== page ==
Activist investors, Japan's the next place to go. Yes, you heard right.
In the past two weeks, Hong Kong-based Oasis Management Co. has managed to score victories against two of the country's oldest and biggest companies. The hedge fund got Panasonic Corp. to up its offer for a unit the electronics maker is seeking to take private, while also forcing Toshiba Corp. to return cash that a listed subsidiary had deposited with its parent.
The triumphs are testament to a huge shift in Japan's insular company culture in the wake of a corporate-governance code implemented by Prime Minister Shinzo Abe in 2015. It's a far cry from the days when U.S. financier T. Boone Pickens was met with hecklers shouting "Yankee go home!" during his failed 1990 attempt to win a seat on the board of Koito Manufacturing Co., a Toyota Motor Corp. supplier.
On Friday, Panasonic canceled an all-stock offer to buy out minority investors in housebuilder PanaHome Corp. Based on that day's close, the bid represented an effective price of 1,012 yen ($9.19) per PanaHome share, a premium of about 18 percent to its undisturbed value prior to the December bid. After pressure from Oasis, Panasonic substituted a tender offer of 1,200 yen a share in cash, valuing the bid at 92.4 billion yen.
The game may not be over yet. Panasonic's amended offer is still well short of the 1,500 yen sought by Oasis founder Seth Fischer. PanaHome shares surged 19 percent to 1,229 yen on Monday, closing above the tender price in a sign some investors are betting the bid will be further sweetened. Oasis is PanaHome's biggest shareholder after Panasonic, owning 8.95 percent, according to data compiled by Bloomberg.
The hedge fund has already shown its willingness to play hardball by taking directors of Toshiba Plant Systems & Services Corp. to court. Toshiba Plant said this month that it terminated a deposit agreement with parent Toshiba Corp. after Oasis filed a provisional injunction with the Yokohama District Court. The unit had 87.8 billion yen parked at Toshiba at the end of last year.
The wins for non-Japanese shareholders are starting to add up. Six months ago, U.S. activist investor Daniel Loeb of hedge fund Third Point LLC stopped the ouster of Seven & i Holdings Co. President Ryuichi Isaka and hastened the expansion of the company's profitable convenience-store business in North America.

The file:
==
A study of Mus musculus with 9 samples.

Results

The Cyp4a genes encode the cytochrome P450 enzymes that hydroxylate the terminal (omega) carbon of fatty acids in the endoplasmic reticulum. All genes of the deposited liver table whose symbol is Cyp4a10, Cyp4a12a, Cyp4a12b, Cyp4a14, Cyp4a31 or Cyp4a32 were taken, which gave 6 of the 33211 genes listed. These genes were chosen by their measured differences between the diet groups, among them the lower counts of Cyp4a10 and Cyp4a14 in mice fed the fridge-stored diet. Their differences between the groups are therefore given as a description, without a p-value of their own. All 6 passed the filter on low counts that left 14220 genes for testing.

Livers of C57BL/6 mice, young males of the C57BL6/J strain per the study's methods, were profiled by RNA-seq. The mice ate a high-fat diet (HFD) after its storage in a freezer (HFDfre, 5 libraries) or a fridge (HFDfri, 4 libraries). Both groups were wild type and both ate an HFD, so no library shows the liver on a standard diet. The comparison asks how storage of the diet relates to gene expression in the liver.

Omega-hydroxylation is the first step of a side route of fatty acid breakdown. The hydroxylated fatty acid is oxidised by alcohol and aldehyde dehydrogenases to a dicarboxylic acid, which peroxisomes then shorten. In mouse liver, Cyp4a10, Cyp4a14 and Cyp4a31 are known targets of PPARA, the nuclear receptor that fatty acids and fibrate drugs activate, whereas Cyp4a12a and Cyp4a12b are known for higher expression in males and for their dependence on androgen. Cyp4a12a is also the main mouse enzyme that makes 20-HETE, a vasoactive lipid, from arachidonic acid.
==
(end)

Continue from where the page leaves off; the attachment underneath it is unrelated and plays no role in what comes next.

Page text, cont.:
With more battles ahead, that trend should benefit minority investors. So many Japanese units of big firms are sitting on cash that more parent buyouts are inevitable. In a report last month, Jefferies identified 20 cash-rich companies that could be candidates, among them Sony Corp.'s Sony Financial Holdings Inc. and Nissan Shatai Co., a unit of Nissan Motor.
PanaHome had more than 125 billion yen in cash as of March 31 and almost no debt, in a sector where the average net debt-to-equity ratio is 69 percent, according to data compiled by Bloomberg.
Toshiba Plant boasts net cash of 92 billion yen, equal to 76 percent of shareholders' equity. The unit's funds will have been a boon to Toshiba Corp., which is trying to sell its memory-chip business and has warned that its survival may be at risk after losses at the Westinghouse Electric nuclear unit.
In the past, hedge funds in Japan faced not just hostile boards but a belligerent press and government in their attempts to shake up companies. Abe's push to have companies use cash more productively and better protect minority shareholder rights has changed the landscape.
That may spell an end to on-the-cheap buyouts such as Toyota's $3.1 billion purchase of Daihatsu Motor Co. last year (which was opposed by Stamford, Connecticut-based Arga Investment Management LP) -- given the right kind of prodding from hedge funds.
The Yankees (and others) are no longer being told to go home. That can only mean more opportunities for overseas activist investors.
This column does not necessarily reflect the opinion of Bloomberg LP and its owners.
(Adds net cash data on PanaHome and Toshiba Plant in the ninth and 10th paragraphs.)